India women's cricket team wicketkeeper Sushma Verma took to cricket when she was 17.
The first cricketer from Himachal Pradesh to represent the national women's team was juggling between badminton, volleyball and handball, but always had the interest for cricket. Her grandfather and herself reportedly kept themselves informed about men's cricket team's progress by reading cricket magazines. Sushma even woke up for the early morning matches in New Zealand and followed scores on the radio.
However, a career in cricket did not even feature in her wildest dreams until she joined the Himachal Pradesh Cricket Association (HPCA) academy in Dharamsala in 2010. However, within three years, the Shimla girl was able to join Mithali Raj's Indian side as she made her T20I debut against Bangladesh in Vadodara in April, 2013.
The 24-year-old has played 29 ODIs, 19 T20Is and a Test since then. Her performances at the Women's World Cup was overshadowed by the heroics of Harmanpreet Kaur, Raj, but Susha finished with the most number of dismissals -- 15, seven more than nearest rival Alyssa Healy of Australia, at the quadrennial world event, in which India finished runners-up.
Verma, who was also offered a Deputy Superintendent of Police post by the Himachal Pradesh government opens up about her favourite wicketkeeper, the World Cup heartbreak, Women's IPL and a lot more in an exclusive interview to International Business Times. Below are the excerpts from the interview.
IBT: What motivated you to take up cricket?
Verma: I was always inclined towards sport but had never planned to have a career in cricket. Signing up and pursuing cricket happened by chance. I enrolled in the HPCA residential academy after completing my schooling.
Upon joining the academy, I realised my batch mates were way ahead of me, with a strong foundation and solid knowledge of basics in place. I was starting from the ground level.
However, I never let that deter my confidence and went ahead with my training. Eventually, with time I saw myself becoming better and maturing as a cricketer. With the results of my hard work starting to show, it became a motivation for me to keep going.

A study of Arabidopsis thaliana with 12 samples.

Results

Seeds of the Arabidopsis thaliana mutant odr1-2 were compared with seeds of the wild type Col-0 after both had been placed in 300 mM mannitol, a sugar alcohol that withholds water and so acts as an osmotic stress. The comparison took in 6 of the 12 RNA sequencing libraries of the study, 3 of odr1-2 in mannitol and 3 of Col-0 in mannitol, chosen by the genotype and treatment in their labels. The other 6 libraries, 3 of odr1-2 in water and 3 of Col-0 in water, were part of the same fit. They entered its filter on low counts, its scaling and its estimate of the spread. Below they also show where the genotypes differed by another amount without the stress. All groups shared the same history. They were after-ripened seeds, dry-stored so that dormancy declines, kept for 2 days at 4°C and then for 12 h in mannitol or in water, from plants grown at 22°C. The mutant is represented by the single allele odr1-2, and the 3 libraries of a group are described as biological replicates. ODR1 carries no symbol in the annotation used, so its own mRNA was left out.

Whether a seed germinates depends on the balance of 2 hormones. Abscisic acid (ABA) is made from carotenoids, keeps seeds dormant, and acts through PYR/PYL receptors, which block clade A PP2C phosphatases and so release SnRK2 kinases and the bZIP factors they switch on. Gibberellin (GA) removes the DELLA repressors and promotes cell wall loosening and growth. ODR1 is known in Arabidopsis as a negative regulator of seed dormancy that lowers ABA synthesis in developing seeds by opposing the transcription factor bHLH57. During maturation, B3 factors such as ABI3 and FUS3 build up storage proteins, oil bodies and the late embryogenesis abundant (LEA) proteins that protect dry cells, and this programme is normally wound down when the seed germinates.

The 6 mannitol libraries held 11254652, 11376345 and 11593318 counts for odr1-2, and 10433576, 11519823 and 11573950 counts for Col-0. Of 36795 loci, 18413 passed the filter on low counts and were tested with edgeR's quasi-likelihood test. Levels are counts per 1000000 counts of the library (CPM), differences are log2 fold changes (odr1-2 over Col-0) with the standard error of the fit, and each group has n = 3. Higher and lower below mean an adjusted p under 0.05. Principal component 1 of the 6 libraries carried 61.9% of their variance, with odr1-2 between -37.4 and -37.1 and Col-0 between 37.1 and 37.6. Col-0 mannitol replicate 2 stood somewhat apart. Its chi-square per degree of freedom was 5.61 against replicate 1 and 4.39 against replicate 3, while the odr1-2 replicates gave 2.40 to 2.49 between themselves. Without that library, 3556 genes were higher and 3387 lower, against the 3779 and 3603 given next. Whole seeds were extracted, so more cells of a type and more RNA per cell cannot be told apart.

IBT: How did the World Cup 2017 final loss affect you?
Verma: It never feels good to be on the losing side, and it felt worse this time around as I failed to contribute with the bat. In the end, irrespective of whether you win or lose, it is a learning process.
While the disappointment will exist, the warm welcome that we received from the country and Board of Control for Cricket in India (BCCI) gave us a sense of happiness and satisfaction. It strengthens my belief that from now on women's cricket in India will definitely rise to a new level.
IBT: Your role models?
Verma: On the field, Adam Gilchrist and Sachin Tendulkar have been my greatest inspiration. The way Adam Gilchrist used to keep wickets was nothing short of incredible, and it has been a constant source of motivation for me.
Off field, my mother and grandfather are my role models and are a constant source of encouragement.
IBT: Who is your favourite wicket-keeper in men's cricket?
Verma: There is no denying the fact that MS Dhoni is the best in business today. His rapid reflexes and impeccable decision-making abilities make him so successful.
Nevertheless, my favourite wicket keeper will always be Adam Gilchrist. I really admire the way he kept wickets throughout his career and I follow his videos closely, observing and learning from every move. His skills are just unmatched.
IBT: How has the government support for women's cricket been? Thoughts on Women's IPL?
Verma: The Government of India has been very supportive. In fact, I was recently appointed as the DSP of Himachal police department. My fellow team members are also being honoured by their respective state governments as well. In my view, we need to focus on improving the basic infrastructure to encourage more women to pursue this sport.
With regards to a women's Indian Premier League in cricket, there was some talk about its introduction after our World Cup stint. Initiatives such as these will push more women to pursue cricket in India.
IBT: Do you think women cricketers can match the men when it comes to sponsorship deals?
Verma: In India, cricket has always been appreciated for the entertainment value it offers to the spectators. In order to match up to the standards of men's cricket team, sponsors will have a crucial role to play.
The scenario is rapidly changing, and I hope in the coming years women cricketers will get equal attention from the sponsors.
PUMA offered me a sponsorship at a time when I was relatively unrecognised as a cricketer, and I was still purchasing my wicket keeping gear myself. With PUMA's support, I got the opportunity to stand out and emerge triumphant both on and off the field.